Types of Uterine Bleeding Dysfunction

The following is a brief explanation – largely definitions – of when bleeding occurs for a female that is more than just the “normal bleeding” that occurs for most women.

Often, women try to compare bleeding cycles with family members and their friends. This can be a good and bad thing. What is normal to one person may not be normal to another.

Learn more here about: Dysfunctional Uterine Bleeding

Normal Bleeding

The first thing you should notice with bleeding – it the amount of bleeding change that you are experiencing from say last month or the last six months.

If we are going to define – Normal bleeding – then let’s define it as follows. It is the menstruation that is seen for approximately 2-7 days – the cycle between menstruation is every 21-35 days.

Changes to Normal Bleeding


1.)  Menorrhagia – Greater than 7 days or more than 80mL in a day that occurs regularly

2.)  Metrorrhagia – bleeding that occurs irregularly and more frequent than typical

3.)  Menometrorrhagia – Prolonged or excessive bleeding occurs irregularly and more frequent than typical

4.)  Intermenstrual bleeding (spotting) – bleeding of small amounts that occur between menstrual periods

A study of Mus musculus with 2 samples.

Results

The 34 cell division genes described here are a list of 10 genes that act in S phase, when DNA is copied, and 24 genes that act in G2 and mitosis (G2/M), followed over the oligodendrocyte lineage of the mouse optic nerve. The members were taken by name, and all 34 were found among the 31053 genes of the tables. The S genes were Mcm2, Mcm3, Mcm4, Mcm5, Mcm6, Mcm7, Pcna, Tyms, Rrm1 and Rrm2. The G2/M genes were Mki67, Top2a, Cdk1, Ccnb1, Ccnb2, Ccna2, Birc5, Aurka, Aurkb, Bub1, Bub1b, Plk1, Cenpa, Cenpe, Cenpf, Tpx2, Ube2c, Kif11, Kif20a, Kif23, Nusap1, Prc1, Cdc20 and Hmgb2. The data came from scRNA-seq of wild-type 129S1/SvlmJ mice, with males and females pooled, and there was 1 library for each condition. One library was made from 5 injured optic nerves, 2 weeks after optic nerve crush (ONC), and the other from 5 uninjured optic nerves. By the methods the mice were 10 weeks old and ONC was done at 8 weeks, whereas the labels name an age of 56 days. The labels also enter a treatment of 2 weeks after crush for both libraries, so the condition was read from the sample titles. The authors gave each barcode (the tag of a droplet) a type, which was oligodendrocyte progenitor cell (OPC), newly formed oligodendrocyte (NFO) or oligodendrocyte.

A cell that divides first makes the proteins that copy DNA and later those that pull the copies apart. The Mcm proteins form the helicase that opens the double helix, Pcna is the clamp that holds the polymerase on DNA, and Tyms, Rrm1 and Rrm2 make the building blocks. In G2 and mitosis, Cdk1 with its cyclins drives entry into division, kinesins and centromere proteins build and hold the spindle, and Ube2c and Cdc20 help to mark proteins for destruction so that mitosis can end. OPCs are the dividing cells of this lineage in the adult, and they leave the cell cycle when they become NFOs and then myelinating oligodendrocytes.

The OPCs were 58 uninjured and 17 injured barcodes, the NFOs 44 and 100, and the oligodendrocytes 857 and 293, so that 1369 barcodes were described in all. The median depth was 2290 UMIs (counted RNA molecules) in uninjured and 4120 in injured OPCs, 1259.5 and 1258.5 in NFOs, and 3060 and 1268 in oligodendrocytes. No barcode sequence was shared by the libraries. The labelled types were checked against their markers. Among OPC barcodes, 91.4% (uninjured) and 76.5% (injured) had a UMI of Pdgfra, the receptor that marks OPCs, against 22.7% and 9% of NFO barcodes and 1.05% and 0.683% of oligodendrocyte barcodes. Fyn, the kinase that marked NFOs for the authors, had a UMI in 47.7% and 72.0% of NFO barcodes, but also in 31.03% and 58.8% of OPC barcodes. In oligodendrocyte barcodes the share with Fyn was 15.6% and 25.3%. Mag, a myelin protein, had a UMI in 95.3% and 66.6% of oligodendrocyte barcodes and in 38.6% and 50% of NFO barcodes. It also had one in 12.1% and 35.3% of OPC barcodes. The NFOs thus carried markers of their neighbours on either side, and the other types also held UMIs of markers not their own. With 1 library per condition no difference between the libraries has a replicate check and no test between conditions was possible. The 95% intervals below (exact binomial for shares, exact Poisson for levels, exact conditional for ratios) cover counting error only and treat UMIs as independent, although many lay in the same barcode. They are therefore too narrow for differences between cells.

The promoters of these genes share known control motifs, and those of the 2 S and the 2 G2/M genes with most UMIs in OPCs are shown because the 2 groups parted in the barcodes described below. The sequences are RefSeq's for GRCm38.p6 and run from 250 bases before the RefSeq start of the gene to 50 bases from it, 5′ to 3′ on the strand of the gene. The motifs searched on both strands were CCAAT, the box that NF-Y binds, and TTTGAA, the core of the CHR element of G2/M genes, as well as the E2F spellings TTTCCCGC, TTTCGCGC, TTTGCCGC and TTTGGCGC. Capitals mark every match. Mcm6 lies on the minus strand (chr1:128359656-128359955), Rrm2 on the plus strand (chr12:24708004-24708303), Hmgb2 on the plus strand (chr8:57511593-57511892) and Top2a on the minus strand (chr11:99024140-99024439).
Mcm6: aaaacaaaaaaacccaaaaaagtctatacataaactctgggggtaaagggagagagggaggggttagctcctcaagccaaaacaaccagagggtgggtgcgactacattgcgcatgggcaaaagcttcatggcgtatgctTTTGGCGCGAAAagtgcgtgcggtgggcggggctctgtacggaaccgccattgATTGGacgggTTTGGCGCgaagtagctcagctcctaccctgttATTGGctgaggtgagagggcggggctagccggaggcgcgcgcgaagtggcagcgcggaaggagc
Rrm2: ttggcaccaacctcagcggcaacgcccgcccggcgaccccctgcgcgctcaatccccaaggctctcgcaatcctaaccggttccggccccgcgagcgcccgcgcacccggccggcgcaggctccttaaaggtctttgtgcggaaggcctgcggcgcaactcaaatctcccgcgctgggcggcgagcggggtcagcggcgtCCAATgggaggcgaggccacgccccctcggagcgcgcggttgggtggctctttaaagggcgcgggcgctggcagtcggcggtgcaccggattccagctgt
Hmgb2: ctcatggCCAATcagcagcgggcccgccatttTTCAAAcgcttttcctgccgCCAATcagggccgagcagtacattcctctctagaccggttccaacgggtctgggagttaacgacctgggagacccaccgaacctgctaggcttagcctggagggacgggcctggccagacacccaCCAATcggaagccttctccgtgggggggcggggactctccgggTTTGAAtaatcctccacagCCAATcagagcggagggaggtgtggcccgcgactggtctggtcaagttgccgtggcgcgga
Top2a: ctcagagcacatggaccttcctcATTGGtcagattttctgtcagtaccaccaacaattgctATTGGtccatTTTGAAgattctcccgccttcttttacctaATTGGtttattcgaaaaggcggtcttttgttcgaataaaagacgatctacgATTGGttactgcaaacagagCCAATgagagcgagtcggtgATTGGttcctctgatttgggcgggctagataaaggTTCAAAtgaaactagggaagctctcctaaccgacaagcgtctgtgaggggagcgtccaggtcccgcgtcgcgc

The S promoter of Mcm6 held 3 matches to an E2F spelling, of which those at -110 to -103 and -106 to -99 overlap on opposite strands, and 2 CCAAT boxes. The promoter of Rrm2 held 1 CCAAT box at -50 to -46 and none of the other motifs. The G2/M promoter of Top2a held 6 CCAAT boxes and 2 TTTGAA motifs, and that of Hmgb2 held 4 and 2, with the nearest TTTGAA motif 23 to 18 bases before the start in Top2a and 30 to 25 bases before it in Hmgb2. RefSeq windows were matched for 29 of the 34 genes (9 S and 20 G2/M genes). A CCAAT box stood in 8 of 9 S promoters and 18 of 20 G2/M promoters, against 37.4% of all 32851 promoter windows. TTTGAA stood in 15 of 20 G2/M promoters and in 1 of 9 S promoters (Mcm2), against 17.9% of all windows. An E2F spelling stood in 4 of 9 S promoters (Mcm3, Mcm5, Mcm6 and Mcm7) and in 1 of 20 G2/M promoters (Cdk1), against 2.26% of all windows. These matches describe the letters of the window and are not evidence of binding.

5.)  Polymenorrhea – bleeding that occurs at regular cycles – most often less than every 21 days

6.)  Oligomenorrhea – bleeding that occurs less often than regular – typically seen at 35 days to 6 months

7.)  Amenorrhea – No bleeding for 6 months or longer

Could Bleeding Indicate Cancer?

In some rare cases, the answer is yes. But all bleeding is not cancer. Even if it is not cancer, it still might be something serious. 

At the same time, it might turn out to be nothing serious at all. This is the complexity of abnormal bleeding.

It is important to really be in tune with your bleeding cycle and amount. If you have yet to go through menopause – bleeding is less likely to be cancer. But, if it becomes excessive, extremely painful

But more importantly, if you have gone through menopause and you start bleeding – you really need to get a full workup.